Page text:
Basically I think 3D tricks is a great SUPPLIMENTAL book. You should try and read it, and understand the concepts, just so you know what is actually going on at a low level. If I were going to actually start a real project, I'd rather use DirectX. Why? Because my personal production time would be much more effecient using DirectX rather than building my own 3D rasterizer. It's like the reason we learn how to do long division. If I'm an accountant, I'd rather use a calculator to do my division because it's faster. I can be just as accurate going by pen and paper with a certain amount of care, but just as in any business, time is money.

Certainly knowing how to build your own rasterizer will make you a much more knowledgable and skilled programmer. But when taking the time on an actual project where effeciency is money, why waste time reinventing the wheel?



Go with Direct3D and learn the math behind it in your spare time.


It took a long time to code but it really helped me get up to speed. It's not like I was sitting there programming it day in day out thinking, "what a real pain in the ass this is". I was thinking what great fun it was to learn all this stuff. I learned how to use matricies to speed up rotations and translation (yeah, I used cos and sin on every single vertex to do rotations in the begining, whoops!)

So my advice- If you're looking for the quickest, fastest- go D3D. If you're in this to learn how to write your own software renderer, then do just that.


Original post by aaroncox1234I'd actually recommend reading corresponding chapters of Tricks while learning to code with DirectX. If you're adding lighting to your game, read up on how it's done in Tricks, then code it with DirectX. Making blind API calls is no good, but writing an entire 3D engine from scratch might be a little overkill.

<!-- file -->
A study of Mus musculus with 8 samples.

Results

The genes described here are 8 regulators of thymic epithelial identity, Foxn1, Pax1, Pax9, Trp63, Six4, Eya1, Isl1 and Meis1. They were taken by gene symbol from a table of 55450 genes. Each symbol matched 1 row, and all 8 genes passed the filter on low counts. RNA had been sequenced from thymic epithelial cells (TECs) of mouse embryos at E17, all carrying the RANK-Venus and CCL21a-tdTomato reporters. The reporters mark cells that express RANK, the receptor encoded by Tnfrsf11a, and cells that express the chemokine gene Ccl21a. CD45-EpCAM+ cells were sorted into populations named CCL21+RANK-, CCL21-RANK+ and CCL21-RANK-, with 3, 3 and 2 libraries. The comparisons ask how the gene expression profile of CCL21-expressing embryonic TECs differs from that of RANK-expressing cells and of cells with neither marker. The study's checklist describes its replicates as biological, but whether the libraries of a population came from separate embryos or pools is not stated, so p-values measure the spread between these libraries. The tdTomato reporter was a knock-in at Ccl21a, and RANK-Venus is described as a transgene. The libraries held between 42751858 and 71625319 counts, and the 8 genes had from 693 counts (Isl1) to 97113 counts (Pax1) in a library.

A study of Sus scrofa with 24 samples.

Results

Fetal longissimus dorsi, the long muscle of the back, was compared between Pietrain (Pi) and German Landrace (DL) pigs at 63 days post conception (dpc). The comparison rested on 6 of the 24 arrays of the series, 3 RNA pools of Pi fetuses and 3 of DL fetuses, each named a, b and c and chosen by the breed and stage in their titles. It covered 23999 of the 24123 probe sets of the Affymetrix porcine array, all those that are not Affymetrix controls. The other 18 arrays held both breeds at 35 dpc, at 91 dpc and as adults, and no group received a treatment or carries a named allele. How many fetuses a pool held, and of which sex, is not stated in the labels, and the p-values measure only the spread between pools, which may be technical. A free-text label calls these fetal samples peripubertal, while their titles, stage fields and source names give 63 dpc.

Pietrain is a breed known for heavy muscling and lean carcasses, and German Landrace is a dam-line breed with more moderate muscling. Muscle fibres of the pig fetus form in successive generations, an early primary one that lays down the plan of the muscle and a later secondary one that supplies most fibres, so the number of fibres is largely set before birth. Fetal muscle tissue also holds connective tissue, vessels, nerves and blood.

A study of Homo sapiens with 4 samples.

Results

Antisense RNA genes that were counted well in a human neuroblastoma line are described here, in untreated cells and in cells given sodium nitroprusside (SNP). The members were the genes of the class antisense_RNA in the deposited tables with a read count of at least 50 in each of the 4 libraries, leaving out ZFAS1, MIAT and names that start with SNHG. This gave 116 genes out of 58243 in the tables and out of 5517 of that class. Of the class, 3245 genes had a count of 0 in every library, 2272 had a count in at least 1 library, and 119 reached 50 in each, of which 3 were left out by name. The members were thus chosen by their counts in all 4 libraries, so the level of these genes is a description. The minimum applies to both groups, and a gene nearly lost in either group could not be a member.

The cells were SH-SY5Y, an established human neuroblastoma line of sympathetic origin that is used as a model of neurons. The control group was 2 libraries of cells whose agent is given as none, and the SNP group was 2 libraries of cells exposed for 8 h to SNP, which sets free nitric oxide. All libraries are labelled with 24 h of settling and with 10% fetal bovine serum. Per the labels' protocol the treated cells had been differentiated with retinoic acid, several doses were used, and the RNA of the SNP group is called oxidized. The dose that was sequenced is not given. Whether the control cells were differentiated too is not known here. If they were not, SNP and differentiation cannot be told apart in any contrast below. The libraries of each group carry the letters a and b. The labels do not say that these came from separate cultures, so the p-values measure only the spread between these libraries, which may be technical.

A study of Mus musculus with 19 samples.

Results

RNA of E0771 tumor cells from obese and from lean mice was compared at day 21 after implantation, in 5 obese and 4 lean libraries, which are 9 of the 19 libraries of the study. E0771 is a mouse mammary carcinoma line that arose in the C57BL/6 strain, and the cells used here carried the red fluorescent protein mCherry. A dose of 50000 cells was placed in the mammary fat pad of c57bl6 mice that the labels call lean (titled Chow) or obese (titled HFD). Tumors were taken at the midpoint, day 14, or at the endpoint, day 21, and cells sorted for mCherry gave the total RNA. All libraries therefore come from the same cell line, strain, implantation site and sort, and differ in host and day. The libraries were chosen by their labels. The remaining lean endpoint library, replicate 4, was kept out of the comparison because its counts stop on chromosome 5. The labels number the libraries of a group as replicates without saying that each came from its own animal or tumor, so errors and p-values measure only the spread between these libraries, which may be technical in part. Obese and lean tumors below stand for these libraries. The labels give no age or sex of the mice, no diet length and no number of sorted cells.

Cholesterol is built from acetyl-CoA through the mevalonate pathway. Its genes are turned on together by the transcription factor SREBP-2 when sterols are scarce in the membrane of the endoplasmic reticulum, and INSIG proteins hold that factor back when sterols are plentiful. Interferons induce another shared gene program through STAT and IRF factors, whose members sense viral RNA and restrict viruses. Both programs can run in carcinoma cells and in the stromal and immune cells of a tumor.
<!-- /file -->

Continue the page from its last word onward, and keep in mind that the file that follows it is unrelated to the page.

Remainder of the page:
That sounds like a nice balance. I guess it doesn't have to be one or the other. This way I get to develop a game using the best technology to do it, but I also gain a true understanding of what's going on.

Thanks all for your help. I'm going to pick up a good book on 3D games with DirectX.

Really, at the end of the day, I want to be a good game programmer, not an engine developer.

It's great to make your own shapes but why making a sphere when you have an auxiliary library or something,maybe because you want to deform it...
<quote>Knowledge is your path to freedom,why not learn them both</quote>


Original post by cowsarenotevil
But aside from that, Direct3D isn't your sole option. Take the games from id software, all of which use OpenGL. But that's not something worth fighting over.


Agreed. I didn't mean to infer that DirectX was the only option. I was more meaning DirectX versus doing everything myself without DirectX.

I may very well explore OpenGL at some point, but I'll stick with DirectX for now as I have some DirectX resources already available to me. Also, I would like to develop for the Xbox some day.


An engine is never "based" on directX. It uses it for rendering (or sound, or input). 99% of your code will have nothing to do with it.

Original post by Low Bias
I may very well explore OpenGL at some point, but I'll stick with DirectX for now as I have some DirectX resources already available to me. Also, I would like to develop for the Xbox some day.


Sounds like a reasonable choice, then.

Original post by 0xCHAOS
writing a software rasterizer is the only way to make a 3D console application :D

www.ezequal.com/CHAOS/Demo.zip


Nonsense. You can use OpenGL to render to an ofscreen buffer, get the color of each pixel, use your favorite method to choose the best character, and draw it. ;)


Don't you feel like an idiot trying to rebuild your car's engine, though?

Understand your tools. And use them.

Original post by Etnu
D3D is not a graphics engine...[the engine] uses it for rendering (or sound, or input). 99% of your code will have nothing to do with it.


Point taken. You still write the engine and the game, you just don't write the rendering routines...and it just doesn't seem to make sense to do so. Especially considering that writing your own will leave you with rendering routines that aren't as fast (or as portable) as DirectX!

I was put off of DirectX at the beginning because I didn't understand it. It's really that simple. Now that I've started to use it, I'm actually quite excited at what it offers me in terms of performance and how quickly it will get me to a simple game (versus writing everything myself).

I've ordered Introduction to 3D Game Programming with DirectX 9.0 (Frank Luna) and I'm running through the tutorials in the SDK. I'm off to a promising start. Thank you all for your opinions on the matter.